Any company that has a lot of business operations in the Gulf Coast of Texas was expected to post poor results this past quarter because of the devastation that Hurricane Harvey wrought on the region. Looking at Kansas City Southern's (KSU) most recent results, you might not have noticed much of a change if management hadn't highlighted the impact.

Let's take a look at the railroad company's most recent earnings report, as well as what investors should be on the lookout for. 

aerial view of freight rail yard

Image source: Getty Images.

By the numbers

Metric Q3 2017 Q2 2017 Q3 2016
Revenue $656 million $656 million $604 million
Operating income $233.8 million $239.3 million $199.8 million
Diluted EPS $1.23 $1.27 $1.12
Free cash flow $112 million $112 million $82 million

Source: Kansas City Southern earnings release. EPS = earnings per share.

Kansas City Southern's results looked rather decent this past quarter. Revenue increased 8.6% compared to the prior year, and it resulted in a 9.8% increase in EPS. Revenue per carload increased across all commodities, but the largest drivers were energy and automotive.

Frack-sand and crude-oil deliveries to and from the Eagle Ford and Permian Basin shale formations remain high, and new automotive manufacturing facilities coming on line in Mexico have boosted cross-border traffic. For the year, energy and automotive revenue are up 51% and 24%, respectively, compared to the first nine months of 2016.

The company's operating ratio -- operating costs divided by revenue -- a common industry metric for measuring efficiency, came in at 64.4%. Compared to the two most efficient Class 1 railroad companies in North America -- Canadian National Railway and Canadian Pacific Railway -- that number isn't great. It is, however, close to historical results for the company and remains one of the better results for American railroad companies.

KSU revenue by segment for Q3 2016, Q2 2017, and Q3 2017. Shows largest percent gains for energy and automotive while others were up modestly year over year.

Source: Kansas City Southern earnings. Chart by author.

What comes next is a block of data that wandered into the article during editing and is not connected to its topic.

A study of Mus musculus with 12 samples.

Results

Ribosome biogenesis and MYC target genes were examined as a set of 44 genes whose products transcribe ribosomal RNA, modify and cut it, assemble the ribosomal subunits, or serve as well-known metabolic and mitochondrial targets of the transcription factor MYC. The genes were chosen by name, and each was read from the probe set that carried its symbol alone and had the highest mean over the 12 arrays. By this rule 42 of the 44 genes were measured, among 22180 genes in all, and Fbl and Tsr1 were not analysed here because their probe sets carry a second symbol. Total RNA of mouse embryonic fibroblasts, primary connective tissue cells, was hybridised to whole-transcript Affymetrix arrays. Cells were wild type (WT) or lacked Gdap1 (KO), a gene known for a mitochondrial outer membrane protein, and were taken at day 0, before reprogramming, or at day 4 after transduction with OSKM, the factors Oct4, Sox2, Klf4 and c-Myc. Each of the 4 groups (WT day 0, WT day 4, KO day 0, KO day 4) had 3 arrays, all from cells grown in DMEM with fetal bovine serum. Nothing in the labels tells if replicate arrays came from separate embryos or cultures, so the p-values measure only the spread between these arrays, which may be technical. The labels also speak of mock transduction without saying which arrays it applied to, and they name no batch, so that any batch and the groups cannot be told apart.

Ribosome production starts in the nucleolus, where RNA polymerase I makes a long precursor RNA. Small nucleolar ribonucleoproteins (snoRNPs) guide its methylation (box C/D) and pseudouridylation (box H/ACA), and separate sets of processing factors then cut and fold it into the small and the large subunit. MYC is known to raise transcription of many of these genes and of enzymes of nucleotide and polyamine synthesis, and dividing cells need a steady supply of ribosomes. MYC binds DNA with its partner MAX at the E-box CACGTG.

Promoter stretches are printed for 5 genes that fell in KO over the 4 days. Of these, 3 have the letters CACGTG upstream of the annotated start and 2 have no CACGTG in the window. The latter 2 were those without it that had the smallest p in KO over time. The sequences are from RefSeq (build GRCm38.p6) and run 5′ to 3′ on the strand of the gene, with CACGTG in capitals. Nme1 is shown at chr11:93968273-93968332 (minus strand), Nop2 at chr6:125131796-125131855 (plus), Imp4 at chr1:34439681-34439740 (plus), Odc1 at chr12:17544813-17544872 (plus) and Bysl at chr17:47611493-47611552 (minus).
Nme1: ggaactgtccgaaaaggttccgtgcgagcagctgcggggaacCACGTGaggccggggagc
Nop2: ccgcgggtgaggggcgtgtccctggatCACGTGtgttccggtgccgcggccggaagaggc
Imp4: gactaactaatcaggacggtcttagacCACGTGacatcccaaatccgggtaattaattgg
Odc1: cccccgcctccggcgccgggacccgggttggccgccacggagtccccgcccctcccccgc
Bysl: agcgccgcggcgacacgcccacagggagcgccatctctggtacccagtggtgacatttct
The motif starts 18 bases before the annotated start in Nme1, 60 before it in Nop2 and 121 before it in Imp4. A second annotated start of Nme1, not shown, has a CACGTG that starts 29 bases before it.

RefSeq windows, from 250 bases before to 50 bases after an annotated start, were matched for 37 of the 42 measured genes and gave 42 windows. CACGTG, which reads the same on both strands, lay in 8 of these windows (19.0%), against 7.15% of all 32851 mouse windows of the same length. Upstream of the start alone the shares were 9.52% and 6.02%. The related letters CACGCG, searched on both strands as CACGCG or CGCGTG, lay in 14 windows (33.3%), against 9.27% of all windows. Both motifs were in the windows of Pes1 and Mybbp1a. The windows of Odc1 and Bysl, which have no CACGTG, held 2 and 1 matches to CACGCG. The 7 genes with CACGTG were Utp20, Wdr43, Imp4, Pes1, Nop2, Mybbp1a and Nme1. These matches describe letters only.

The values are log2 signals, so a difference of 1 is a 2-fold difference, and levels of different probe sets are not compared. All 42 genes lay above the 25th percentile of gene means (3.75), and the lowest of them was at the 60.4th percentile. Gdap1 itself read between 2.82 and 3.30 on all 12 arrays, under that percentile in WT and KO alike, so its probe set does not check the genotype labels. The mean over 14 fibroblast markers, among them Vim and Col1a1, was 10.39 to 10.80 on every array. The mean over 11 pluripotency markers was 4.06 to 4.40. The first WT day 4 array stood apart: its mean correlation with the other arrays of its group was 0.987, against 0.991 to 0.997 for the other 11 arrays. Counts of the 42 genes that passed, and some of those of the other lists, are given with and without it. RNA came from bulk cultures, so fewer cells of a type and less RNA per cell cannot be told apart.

Here is the fascinating thing to consider when looking at Kansas City Southern's most recent results. Even though revenue came in the same compared to the prior quarter, it includes the fact that operations around the U.S. Gulf Coast were shut down for several days because of Hurricane Harvey. According to management, the company lost about $19 million to $23 million in operating income as a result of lost revenue opportunities, or $0.12 to $0.14 in earnings per share.

Also, that lost revenue increased its operating margin by 140 to 160 basis points. There's a possibility that the company would have posted one of its most efficient quarters in a long time were it not for the hurricane.

What management had to say

In the company's press release, CEO Patrick Ottensmeyer was sure to highlight that the company was able to produce those results in the face of disruptions from Hurricane Harvey:

KCS' third-quarter financial results were strong, even with the impact of Hurricane Harvey on KCS' U.S. Gulf Coast and cross-border traffic in August and September. Despite the severity of the storm and widespread flooding, we recovered quickly from the extended service outage, delivering record third-quarter operating income, operating ratio and adjusted earnings per share.

What a Fool believes

Despite the challenges that Hurricane Harvey threw at the Gulf Coast region, Kansas City Southern did a rather remarkable job of getting its operations back up to full speed and produced better results than the prior year. That result is a testament to both the company's improved operations and the growth of cross-border traffic between the U.S. and Mexico. It's not that hard to envision Kansas City Southern producing a great result in the coming quarter. 

The real storm that investors should watch for is the current NAFTA renegotiations. Kansas City Southern has leveraged a lot of its future based on open trade between the U.S. and Mexico. Were that to be disrupted, it could put this company in some real trouble.